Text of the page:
Have you spent the summer thinking you’ve prepared for your best cyclocross season ever, only to feel like there’s a few of those guys who seem to effortlessly pull away from you? Waiting for you at the finish line, they really dampen your spirits by telling you this is their first time trying cyclocross. For today’s column, Lee Waldman examines why putting up the good fight from a disadvantaged position is the best thing you could hope for.

by Lee Waldman

We all know a rider like this, who seems to be blessed with the level of talent and ability that we would give our right arm for. The world just isn’t fair because it appears, on the surface, this person doesn’t even need to train. He or she just shows up at the start line and the results just happen. It’s almost enough to make a “mortal” rider consider giving up the sport because it just feels as if we’ll never reach that level. Well, that’s one way to look at things but I’ve been doing some thinking… and learning and it has occurred to me that it might not always be a good thing to be that naturally talented.

An explanation now is probably necessary. I’ve done some learning lately about different types of mindsets. I think I’ve always known, on some level, that there’s more than one way to view ourselves and our place in the world. Let’s consider, just for a moment, the possibility of two different types of people. There are those who, for lack of a better term, have a fixed mindset. Then there are the others who have, well let’s call it a growth mindset. These aren’t my terms. They are borrowed from a book I’m reading, titled “Mindset” by psychologist Carol Dweck. She poses the idea that although people with a fixed mindset are, for the most part, accomplished, they are also hindered by those natural abilities while those with a flexible mindset, though not as accomplished are actually advantaged by that.

Why, you’re asking, and more importantly what does this have to do with me as a cyclocross athlete?

Riders who have a fixed mindset are steadfast in the belief that their ability is also fixed, out of their control and was given to them at birth. Because of that, they’re sometimes reluctant to challenge themselves. They shy away from courses that might not suit their skills, preferring to offer reasons for not racing rather than take a chance that they might not perform up to their expectations. This, Ms. Dweck says, is typical of people with a fixed mindset. Taking risks in any part of their lives is a frightening and foreign concept. If they were to take a chance, and “fail,” whatever that might mean in their world, which would put a dent in their belief system. Their ability is not god-given because if it was then they would have been successful.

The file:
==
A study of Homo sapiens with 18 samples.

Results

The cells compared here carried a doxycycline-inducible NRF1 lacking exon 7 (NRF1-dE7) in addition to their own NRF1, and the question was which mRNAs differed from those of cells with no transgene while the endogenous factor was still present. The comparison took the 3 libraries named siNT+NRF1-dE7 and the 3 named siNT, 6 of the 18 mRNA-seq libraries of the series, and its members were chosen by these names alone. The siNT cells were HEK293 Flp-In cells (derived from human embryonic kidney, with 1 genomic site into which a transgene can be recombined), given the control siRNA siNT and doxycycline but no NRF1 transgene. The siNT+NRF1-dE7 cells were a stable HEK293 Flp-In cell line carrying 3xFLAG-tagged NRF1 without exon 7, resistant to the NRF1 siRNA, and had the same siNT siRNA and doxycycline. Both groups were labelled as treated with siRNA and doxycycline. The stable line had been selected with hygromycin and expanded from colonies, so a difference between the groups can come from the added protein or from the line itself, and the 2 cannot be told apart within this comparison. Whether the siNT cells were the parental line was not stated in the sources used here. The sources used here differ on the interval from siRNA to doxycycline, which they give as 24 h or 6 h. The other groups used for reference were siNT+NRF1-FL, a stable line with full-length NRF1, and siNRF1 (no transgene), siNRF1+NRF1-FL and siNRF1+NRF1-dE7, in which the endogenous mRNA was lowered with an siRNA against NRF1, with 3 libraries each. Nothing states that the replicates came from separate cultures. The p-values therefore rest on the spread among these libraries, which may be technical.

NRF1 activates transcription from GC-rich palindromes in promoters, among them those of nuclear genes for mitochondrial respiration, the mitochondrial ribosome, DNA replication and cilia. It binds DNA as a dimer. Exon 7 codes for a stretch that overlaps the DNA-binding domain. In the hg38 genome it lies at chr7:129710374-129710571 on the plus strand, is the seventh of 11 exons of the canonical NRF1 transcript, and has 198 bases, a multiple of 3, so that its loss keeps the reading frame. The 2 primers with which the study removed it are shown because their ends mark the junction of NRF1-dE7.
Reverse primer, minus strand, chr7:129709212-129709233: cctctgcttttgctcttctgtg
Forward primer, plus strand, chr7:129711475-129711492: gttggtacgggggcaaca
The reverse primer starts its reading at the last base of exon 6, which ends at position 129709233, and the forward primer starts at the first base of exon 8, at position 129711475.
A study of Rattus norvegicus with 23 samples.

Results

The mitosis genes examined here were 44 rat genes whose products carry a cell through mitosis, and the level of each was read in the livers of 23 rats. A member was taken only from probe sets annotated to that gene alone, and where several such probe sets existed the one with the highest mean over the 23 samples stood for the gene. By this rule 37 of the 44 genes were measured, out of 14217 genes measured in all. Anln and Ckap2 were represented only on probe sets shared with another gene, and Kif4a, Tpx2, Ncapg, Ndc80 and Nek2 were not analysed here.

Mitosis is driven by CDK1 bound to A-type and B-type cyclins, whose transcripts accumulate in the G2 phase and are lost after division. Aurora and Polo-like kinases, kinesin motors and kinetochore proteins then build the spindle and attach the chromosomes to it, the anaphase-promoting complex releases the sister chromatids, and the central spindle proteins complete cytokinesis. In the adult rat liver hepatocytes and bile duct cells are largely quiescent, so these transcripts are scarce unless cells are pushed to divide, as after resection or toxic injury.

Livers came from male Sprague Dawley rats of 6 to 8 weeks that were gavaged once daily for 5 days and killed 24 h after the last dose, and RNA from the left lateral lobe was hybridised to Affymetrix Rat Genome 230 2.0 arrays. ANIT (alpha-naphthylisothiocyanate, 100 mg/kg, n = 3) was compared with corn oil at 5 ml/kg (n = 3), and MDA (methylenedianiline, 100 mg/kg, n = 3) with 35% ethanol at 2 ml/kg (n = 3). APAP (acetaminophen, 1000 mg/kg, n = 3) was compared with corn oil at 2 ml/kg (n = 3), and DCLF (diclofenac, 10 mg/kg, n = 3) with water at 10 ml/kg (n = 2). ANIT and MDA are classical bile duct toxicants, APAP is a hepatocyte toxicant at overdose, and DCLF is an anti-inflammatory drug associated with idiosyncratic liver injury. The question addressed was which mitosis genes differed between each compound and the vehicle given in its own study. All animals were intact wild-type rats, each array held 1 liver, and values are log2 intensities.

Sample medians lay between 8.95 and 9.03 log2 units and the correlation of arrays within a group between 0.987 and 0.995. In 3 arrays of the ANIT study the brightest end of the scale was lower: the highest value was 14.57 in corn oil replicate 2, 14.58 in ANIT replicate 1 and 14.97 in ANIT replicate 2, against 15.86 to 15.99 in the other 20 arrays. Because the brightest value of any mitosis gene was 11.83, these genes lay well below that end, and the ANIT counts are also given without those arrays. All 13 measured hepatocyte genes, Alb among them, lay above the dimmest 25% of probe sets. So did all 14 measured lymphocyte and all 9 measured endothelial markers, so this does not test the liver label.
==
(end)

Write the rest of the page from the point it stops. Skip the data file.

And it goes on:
For the rest of the world, those with a growth mindset, challenges whether in sports, academics, business, etc., are all opportunities to learn a new skill or to further develop one that we’ve been working on. Those with a growth mindset relish the challenge and the opportunity to grow and change. They see it as an exciting prospect, not something to be feared.

So as cyclocross racers does it even matter that we know that there are different ways to view the world? Well. . . yes, it does matter. First of all, if you’re one of those riders who has a fixed mindset. You believe that your ability is inate, you were born with it, and it’s set in stone. You might rethink that mindset because it might, just possibly, be limiting your growth as a racer. Yes, you’ve gotten pretty far on your basic talent. You might even have been a state champion or been on the podium at Nationals. But have you really explored the limits of your ability or have you shied away from really putting it all on the line because of the risk of failing? Be honest now, if not with us, with yourself, and begin to explore the possibility that there might still be room for growth for you.

And, if you’re a rider who is always looking for a challenge, for the next “hard” race, then pat yourself on the back. Maybe you’re always looking for more challenging competition. Possibly you’re thinking of traveling to one of the bigger races where you’ve heard that they are “wicked fast”. Be proud of yourself! What you’re actually doing is taking advantage of that growth mindset and giving yourself the opportunity to approach your full potential.

Don’t get me wrong. I’m not saying that one mindset is better than the other. I’m not even suggesting that there isn’t room to vacillate between the two, based on the circumstances. I’m just suggesting that one way to look at the world might be just a tiny bit more limiting than the other. Which would you choose, if you could?

Consider the possibilities. Fixed mindset and being satisfied with your level of achievement but never challenging yourself? Growth mindset, looking at the world as a set of opportunities? Fixed mindset with a strong work ethic which would take you to yet another level? I’m a firm believer in the dictum that knowledge is power. Does it matter which of the mindsets is you? Absolutely not! What matters is that you use that knowledge to maximize your potential. Because, after all, isn’t that what sports, and life, is all about?

Enough philosophy. Go ride your bike!